Well, it's easy in traffic. And the grocery store. And congress.
But when your kid gets a soccer coach, it's not exactly the first thing they tell you as parents.
"Hello, I'm Cornelius, your kid's soccer coach," he'd open with. "And I've earned certification as a third-level schmuck."
No, you have to find out all on your own.
I'm a soccer coach. I'm not a certified schmuck. I speak with authority on this, because I have never, ever said or done anything in my capacity as a soccer coach that I would regret.
I get angry at the Denver Broncos and yell at the TV. I grit my teeth while I watch others coach my kids. Somehow I believe that clenched dentition will keep the curse words from audibility. (They don't). Once, in the heat of battle in a championship match, I accidentally split my clipboard in two.
My teams don't always win.
But we're hell in cleats in tournaments. And the kids love to play. They'll take care of each other, think for themselves, and give their all, all the time. That's all I ask. I'm there to help them get better, love the game, and learn something about things that have nothing to do with soccer.
Back to the schmucks.
Whether you're turning your preschooler over to a skills academy program or your kid plays on the high school team, here are the surefire signs of schmuckdom on your sideline.
1. He makes your kid run – a lotThe three sins of soccer coaching: Lines, lectures and laps. Laps are the worst. Lap running is not soccer running. The games I choose for my teams in practice, the ones that involve kicking a ball – involve lots of running. Soccer running. Sprint, stop, struggle, repeat.
If your kid's team is running – it probably means the coach needs time to get his act together.
2. He rides the refsI can't officiate. I have enough trouble trying to coach. If your coach is on the refs for every call and non-call, he's modeling badly for his kids, who will gripe and complain, too. Watch how your first date treats your restaurant server; that's how he or she will eventually treat you.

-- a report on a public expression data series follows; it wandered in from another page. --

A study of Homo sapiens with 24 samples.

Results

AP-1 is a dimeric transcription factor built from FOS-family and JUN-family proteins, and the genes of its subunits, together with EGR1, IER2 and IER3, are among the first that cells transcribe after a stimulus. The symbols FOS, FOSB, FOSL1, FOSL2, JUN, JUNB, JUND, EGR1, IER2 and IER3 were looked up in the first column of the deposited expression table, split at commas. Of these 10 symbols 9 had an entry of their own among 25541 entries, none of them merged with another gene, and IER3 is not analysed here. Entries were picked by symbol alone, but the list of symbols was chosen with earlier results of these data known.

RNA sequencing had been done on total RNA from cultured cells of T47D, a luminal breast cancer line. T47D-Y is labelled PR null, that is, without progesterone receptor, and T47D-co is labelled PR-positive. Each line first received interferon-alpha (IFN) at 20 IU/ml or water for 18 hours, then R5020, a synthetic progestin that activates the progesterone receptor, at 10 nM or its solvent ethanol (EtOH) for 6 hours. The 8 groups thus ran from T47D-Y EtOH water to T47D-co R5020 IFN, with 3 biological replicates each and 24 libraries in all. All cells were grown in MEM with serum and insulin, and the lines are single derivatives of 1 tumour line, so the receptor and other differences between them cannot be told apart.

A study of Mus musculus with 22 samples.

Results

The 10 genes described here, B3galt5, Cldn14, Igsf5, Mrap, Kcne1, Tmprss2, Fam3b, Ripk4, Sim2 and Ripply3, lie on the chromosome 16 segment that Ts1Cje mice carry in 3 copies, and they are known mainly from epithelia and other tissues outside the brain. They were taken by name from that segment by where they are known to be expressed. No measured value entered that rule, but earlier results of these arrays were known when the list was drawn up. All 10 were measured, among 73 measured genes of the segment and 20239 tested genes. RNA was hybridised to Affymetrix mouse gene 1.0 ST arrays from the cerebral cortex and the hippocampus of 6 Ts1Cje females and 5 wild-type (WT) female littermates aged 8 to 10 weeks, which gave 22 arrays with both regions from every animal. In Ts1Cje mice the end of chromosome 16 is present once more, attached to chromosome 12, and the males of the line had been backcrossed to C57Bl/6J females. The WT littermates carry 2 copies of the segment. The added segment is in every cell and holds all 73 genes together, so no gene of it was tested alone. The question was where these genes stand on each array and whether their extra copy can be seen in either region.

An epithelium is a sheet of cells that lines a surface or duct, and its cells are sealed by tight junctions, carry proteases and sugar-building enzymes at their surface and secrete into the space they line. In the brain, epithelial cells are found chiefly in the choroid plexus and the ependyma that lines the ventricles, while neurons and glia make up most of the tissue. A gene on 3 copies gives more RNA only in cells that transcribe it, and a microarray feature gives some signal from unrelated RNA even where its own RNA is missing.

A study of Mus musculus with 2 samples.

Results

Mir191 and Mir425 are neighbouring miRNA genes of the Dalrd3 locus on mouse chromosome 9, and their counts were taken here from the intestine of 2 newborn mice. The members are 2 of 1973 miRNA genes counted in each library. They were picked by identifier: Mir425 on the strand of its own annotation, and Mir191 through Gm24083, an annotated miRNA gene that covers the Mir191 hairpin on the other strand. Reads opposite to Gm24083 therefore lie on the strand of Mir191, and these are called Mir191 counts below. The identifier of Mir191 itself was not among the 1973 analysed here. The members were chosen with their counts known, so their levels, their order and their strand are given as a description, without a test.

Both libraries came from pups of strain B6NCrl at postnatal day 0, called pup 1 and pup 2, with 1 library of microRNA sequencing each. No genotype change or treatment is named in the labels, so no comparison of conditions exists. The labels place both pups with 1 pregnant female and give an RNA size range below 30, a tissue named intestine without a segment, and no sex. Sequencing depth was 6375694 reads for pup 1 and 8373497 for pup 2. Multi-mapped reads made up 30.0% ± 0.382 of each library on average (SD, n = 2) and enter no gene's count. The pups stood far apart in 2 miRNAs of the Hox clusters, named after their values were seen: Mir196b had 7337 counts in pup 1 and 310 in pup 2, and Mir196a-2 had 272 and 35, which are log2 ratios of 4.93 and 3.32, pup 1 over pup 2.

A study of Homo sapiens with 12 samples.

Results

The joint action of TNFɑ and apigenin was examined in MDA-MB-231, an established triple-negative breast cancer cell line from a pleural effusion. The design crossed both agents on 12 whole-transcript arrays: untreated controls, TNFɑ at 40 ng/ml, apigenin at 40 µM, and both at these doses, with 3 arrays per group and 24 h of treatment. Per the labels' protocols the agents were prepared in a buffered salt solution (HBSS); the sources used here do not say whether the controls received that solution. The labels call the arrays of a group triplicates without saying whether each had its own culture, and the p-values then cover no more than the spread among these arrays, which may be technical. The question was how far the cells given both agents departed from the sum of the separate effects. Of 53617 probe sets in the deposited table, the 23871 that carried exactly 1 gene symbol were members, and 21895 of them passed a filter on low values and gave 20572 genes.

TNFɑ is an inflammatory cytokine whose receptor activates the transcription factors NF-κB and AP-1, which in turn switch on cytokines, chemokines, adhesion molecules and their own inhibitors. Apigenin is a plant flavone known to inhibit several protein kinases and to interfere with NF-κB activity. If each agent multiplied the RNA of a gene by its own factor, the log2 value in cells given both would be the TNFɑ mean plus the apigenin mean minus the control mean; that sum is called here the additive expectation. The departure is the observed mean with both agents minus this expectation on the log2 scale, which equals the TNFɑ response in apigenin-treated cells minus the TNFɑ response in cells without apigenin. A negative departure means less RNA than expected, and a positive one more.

Similarly, watch how your coach treats the officials.
3. He loses patienceDon't confuse this with raising his voice for a little discipline. I love my players. They sometimes talk when I do, and when the silent treatment doesn't work, it's time to yell. (Check out my favorite Vince Lombardi quote.) If you turn up without a pouch of patience, you're doing the kids a disservice.
Kids will remember what you did more than what you said.
4. He punishes lossesThis isn't Parris Island. You needn't break a kid down to build him up. There are lessons in losses. I hate to lose. The kids do too. But they get over it. The last thing I want is for my team to think losing is bad, like, stealing cookies bad. Kids flourish when they play with passion, not fear of losing.
Ever notice it's always the kids' fault, never the coach's, when they lose? Which brings me to …
5. He believes the kids are there for him – not the other way aroundYou've got it backwards, brother. Listen close: We are there for the kids. We're there to teach, guide, encourage, protect. Every brilliant save or deft pass or gnarly shot on goal, that's the kids. I give them the tools, and get to watch them build something great on Saturdays.
It's our job to foster their love for the game, and meet them where they love the game.
If you can do that … you can conquer anything.
When he isn't answering questions about dust mites, Eli writes a blog about fatherhood, food and futbol called Coach Daddy. Follow him on Twitter.